I’m currently in Stockholm for the Adopting Agile workshop/think tank (it has flavours of both). This is event number four in the series and I joined for event three in Hillsborough last year. Lots of interesting things over the last three days with new projects on creating an artisan model of learning and a complexity based approach to project management. Expect more on those as I have a fair amount to writing to do as a result and this blog is a good place to test out ideas.
In one discussion the topic of lessons learning came up in the context of an announcement by the Scrum Alliance of a new learning programme. I must admit to being a little depressed when people come up with 1990’s knowledge management solutions for lessons learnt databases given the lack of learning implied by adopting a largely failed process but never mind; it will probably generate the material for a book and a few cynics suggested that might be the prime objective!
Now getting irritated is wonderful for getting the creative juices flowing and I am came up with a key distinction between evaluative and descriptive approaches to learning systems. That put together a body of thinking over the years but in a novel format. I’ve always emphasised the value of seeing knowledge as a flow as well as a thing and I coined the phrase lessons learning over a decade ago to emphasis the former. It was also a key element of SenseMaker® signifier design which focuses on description rather than instrumental evaluation.
The reason this is important is that description is more adaptive than evaluation and also more easy to assimilate in a new context. Then we add in two linked concepts:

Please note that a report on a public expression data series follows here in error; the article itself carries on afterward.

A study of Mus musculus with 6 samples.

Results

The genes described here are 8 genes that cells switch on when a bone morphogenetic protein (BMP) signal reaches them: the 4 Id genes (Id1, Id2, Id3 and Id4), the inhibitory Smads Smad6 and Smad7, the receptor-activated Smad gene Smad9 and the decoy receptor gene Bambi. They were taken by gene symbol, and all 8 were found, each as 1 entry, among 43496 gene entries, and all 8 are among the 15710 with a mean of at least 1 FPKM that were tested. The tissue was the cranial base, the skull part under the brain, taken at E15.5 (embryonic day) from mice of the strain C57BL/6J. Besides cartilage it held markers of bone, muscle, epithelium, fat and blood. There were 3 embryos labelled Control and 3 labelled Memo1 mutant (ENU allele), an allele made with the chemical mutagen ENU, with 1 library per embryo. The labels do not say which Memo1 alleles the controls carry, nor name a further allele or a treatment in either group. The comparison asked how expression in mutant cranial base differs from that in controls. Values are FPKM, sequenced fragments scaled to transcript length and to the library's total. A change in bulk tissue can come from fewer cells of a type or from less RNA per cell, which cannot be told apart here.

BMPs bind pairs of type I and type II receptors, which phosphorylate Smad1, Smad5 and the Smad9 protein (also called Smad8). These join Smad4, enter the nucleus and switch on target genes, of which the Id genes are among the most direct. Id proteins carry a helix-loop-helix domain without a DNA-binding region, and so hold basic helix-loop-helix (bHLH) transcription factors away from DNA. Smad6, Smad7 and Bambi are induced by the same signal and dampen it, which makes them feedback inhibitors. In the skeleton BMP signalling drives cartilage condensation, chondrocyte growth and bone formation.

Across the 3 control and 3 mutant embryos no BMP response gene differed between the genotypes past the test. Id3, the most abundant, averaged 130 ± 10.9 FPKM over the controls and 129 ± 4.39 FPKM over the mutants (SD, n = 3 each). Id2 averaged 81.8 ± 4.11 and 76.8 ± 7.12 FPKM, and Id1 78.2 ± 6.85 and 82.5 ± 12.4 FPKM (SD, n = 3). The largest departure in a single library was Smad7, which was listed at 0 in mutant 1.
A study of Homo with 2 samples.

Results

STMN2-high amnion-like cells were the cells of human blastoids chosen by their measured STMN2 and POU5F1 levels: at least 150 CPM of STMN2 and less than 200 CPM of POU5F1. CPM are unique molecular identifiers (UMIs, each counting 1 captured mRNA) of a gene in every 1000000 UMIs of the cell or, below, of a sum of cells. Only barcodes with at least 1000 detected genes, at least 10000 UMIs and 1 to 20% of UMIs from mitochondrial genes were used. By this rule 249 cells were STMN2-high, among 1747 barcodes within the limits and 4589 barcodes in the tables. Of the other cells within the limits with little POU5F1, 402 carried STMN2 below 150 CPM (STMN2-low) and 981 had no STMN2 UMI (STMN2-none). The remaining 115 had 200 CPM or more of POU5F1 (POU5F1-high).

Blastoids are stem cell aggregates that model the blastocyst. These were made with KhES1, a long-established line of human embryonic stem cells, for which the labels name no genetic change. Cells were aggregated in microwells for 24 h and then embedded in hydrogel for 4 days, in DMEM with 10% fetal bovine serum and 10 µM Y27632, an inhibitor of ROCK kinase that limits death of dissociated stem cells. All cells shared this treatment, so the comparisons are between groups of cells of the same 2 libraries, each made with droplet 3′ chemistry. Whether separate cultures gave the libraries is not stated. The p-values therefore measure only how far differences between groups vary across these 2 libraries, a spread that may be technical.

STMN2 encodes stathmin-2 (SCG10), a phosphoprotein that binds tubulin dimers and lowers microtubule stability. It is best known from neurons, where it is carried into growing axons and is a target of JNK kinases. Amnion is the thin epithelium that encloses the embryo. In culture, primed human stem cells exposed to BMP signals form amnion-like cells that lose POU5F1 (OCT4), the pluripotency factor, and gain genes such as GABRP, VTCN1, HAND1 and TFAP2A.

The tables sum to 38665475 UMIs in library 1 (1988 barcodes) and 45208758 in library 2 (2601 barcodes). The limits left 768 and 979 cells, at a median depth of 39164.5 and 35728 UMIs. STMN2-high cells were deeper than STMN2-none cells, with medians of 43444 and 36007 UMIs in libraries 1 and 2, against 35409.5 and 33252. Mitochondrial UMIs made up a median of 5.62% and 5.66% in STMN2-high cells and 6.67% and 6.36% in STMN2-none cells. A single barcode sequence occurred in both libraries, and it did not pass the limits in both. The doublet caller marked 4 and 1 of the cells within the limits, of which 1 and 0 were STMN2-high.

- Conceptual blending, the aspect of cognition that means we like to blend together multiple direct and vicarious memories to create a contextually appropriate solution.
- Getting the right level of granularity to allow things to combine and recombine in different and novel ways. Important for scaling a complex adaptive system and for exaptation; too chucked and nothing changes, too fragmented and there is no coherence.
Evaluation takes place at a project level so in traditional lessons learnt programmes the granularity is too high for exaptive and adaptive learning. Equally the way we describe the past is based on our perception of the present so there are significant problems with evaluation anyway. Successful teams describe the facts in very different ways after they know they succeeded from the way they do when the outcome is uncertain.
So a lessons learning database will comprise data from two sources:
- Fragmented observations are captured as the project progresses by all the actors using journals (one of SenseMaker® capabilities but there are other approaches)
- Timeline techniques such as Future Backwards shift to description of factual and imagined incidents within the overall flow of activity rather than attempting to create causal linkages to a perveption of success or failure.
The second gives us a fast start, as we set up the capability to do the former. In recall we can now ask questions that bring together descriptive fragments of memory without evaluation. That makes it easier to assimilate new ideas and ways of working and allows for partial copying of prior success rather then imitation. Another key aspect of working with complexity. SenseMaker® can handle both the recording and the recall, but even if you use traditional search engines and metadata approaches you can get benefit from this. Removing the judgement element also increases participation.